Why Free Checking Has No Future
FRANKLIN, Tenn. — The Durbin amendment will kill free checking, but debit rewards programs will survive — and flourish at credit unions — if structured properly.
Dennis Driscoll, a former SVP at FIS who built that company's loyalty program from the ground up, told Credit Union Journal that not enough revenue will be left post-Durbin to permit free checking — and the same could be said for debit rewards if programs continue to be "expensive," such as returning points for dollars spent.
Driscoll's checking stance counters the viewpoint held by Bob Giltner, consulting partner with Velocity Solutions (see related story).
"If the new interchange rules go through, debit rewards programs will have to live within their funding," said Driscoll. "Some of the major banks built rich credit card programs and then brought in debit rewards at half the rate. But at .75% to 1% of the sale, that price for debit is still too rich with the interchange cut. There will not be enough money left for those types of programs."
Rewards programs need to be structured so they include more offers outside the credit union to help with funding, particularly merchant-funded rewards, insisted Driscoll. In addition, he said points should be given to encourage retention and drive long-term growth, such as points for the number of years a person is a member and for using sticky products such as bill pay.
Debit programs will also need to incent members to perform a higher number of signature transactions. "As much as half of the transactions in some debit programs are signature, which makes more money than PIN. So to make more money you will have to generate more transactions and have a higher percentage of signature. That is what rewards programs are meant to do."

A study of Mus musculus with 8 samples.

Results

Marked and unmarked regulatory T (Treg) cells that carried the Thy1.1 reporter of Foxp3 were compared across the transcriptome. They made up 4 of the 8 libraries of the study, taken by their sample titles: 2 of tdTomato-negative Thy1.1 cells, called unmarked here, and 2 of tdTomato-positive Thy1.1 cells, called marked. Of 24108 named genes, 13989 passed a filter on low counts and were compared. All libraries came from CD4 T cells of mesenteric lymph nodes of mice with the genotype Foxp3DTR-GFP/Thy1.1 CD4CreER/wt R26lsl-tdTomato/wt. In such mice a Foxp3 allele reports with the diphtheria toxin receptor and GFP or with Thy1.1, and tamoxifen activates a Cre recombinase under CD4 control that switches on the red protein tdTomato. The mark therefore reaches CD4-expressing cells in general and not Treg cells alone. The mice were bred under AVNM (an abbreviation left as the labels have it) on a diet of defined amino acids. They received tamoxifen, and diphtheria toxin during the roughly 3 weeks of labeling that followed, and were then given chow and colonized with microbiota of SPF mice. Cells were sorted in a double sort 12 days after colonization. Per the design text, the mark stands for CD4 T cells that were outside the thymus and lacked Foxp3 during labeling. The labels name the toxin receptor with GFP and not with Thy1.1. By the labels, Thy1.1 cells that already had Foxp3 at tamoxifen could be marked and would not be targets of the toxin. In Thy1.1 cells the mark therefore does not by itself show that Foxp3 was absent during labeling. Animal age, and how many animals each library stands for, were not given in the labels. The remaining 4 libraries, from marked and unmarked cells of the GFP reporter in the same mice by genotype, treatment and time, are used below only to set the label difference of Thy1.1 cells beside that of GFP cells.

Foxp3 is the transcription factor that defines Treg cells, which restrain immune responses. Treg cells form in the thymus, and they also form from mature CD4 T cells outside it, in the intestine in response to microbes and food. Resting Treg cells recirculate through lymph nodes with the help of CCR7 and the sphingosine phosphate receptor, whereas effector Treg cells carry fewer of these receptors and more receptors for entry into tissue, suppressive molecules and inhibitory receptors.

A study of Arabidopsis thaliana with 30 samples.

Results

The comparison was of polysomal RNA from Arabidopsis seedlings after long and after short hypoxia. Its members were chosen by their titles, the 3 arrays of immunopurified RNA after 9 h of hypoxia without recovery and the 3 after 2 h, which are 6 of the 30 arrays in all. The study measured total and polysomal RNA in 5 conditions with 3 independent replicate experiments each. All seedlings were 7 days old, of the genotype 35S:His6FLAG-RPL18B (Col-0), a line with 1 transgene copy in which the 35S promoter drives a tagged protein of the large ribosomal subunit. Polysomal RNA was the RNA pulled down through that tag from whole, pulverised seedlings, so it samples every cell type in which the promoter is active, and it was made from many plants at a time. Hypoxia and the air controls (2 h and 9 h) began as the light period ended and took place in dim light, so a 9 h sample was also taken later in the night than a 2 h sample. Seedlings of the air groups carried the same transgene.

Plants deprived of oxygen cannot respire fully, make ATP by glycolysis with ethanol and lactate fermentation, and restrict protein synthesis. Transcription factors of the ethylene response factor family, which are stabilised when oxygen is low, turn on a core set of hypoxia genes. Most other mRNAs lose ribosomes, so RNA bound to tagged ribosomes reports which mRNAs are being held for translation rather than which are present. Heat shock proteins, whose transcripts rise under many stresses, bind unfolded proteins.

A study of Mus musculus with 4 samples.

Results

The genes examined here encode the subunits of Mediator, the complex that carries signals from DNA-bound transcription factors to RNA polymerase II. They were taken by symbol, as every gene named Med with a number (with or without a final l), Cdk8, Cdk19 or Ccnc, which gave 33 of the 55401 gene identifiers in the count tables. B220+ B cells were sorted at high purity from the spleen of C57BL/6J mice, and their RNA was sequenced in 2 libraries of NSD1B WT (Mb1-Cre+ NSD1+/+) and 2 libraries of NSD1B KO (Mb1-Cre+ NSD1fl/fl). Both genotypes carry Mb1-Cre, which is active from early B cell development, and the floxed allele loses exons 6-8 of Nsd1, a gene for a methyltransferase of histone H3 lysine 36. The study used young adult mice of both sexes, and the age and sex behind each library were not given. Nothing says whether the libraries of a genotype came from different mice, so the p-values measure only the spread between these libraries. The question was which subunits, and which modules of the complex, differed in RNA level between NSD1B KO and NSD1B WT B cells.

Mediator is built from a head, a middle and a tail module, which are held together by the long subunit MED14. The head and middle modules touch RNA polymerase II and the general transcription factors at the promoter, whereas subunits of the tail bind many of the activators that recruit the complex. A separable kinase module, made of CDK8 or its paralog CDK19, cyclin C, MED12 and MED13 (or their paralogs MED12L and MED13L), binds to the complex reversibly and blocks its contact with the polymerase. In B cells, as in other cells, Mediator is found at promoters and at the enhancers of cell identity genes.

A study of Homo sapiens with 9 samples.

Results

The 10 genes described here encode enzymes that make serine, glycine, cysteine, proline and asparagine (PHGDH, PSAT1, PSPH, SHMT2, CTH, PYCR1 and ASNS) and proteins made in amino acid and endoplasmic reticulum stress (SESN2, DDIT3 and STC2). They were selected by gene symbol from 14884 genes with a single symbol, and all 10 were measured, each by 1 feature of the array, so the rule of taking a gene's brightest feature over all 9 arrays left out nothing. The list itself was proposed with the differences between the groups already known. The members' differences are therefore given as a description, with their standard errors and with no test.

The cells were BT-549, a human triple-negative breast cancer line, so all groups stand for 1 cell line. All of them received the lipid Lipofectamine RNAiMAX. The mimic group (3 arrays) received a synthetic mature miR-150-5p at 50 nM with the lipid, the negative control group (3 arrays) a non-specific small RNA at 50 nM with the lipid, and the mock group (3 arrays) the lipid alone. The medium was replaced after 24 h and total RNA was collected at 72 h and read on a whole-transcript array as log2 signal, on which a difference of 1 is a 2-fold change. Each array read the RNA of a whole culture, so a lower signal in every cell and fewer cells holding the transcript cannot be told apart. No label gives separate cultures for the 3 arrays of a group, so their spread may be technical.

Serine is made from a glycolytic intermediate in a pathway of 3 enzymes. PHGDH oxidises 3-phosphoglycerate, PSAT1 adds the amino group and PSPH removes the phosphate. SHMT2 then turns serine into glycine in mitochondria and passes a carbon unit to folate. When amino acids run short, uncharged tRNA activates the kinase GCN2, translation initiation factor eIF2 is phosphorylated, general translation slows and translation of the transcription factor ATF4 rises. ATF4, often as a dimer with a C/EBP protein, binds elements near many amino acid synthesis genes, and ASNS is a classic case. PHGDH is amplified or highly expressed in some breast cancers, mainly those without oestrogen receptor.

Consumers To See Value
With many banks already dumping debit rewards, consumers will see greater value in rewards programs that continue on, pointed out Driscoll. "Large banks like Chase and BofA are discontinuing debit rewards and many more banks are following suit. Some have been waiting on the sidelines but now most realize they can't wait any longer and are ending rewards. In my estimation, this may be one of the best times for credit unions to offer debit rewards."
But there will be no way to avoid charging for checking, stated Driscoll. "No way around it, looking at the loss of interchange, the drop in NFS revenue, and no float." But the credit union should not charge a flat fee. They should give members something in return.
"The answer to me is a combination of an efficiently run rewards program and charging for checking, maybe $6 a month, but giving value back," offered Driscoll. "Not unlike the old club accounts where you get a $10,000 AD&D policy, travel accident insurance, and today maybe cell phone insurance. Things like that all have in common savings, convenience, and security, which in the minds of consumers equal added value. I think this structure will provide profitability equal or better to what credit unions had before."
Plus attract more members. "What would you rather have? A national bank issuer's checking account that costs you $10 a month and gives you nothing in return?" offered Driscoll. "Or take the credit union's checking account that costs you $6 and gives you a rewards program for using debit and a number of other value-added products."
Driscoll recently retired from FIS and now heads Driscoll & Associates.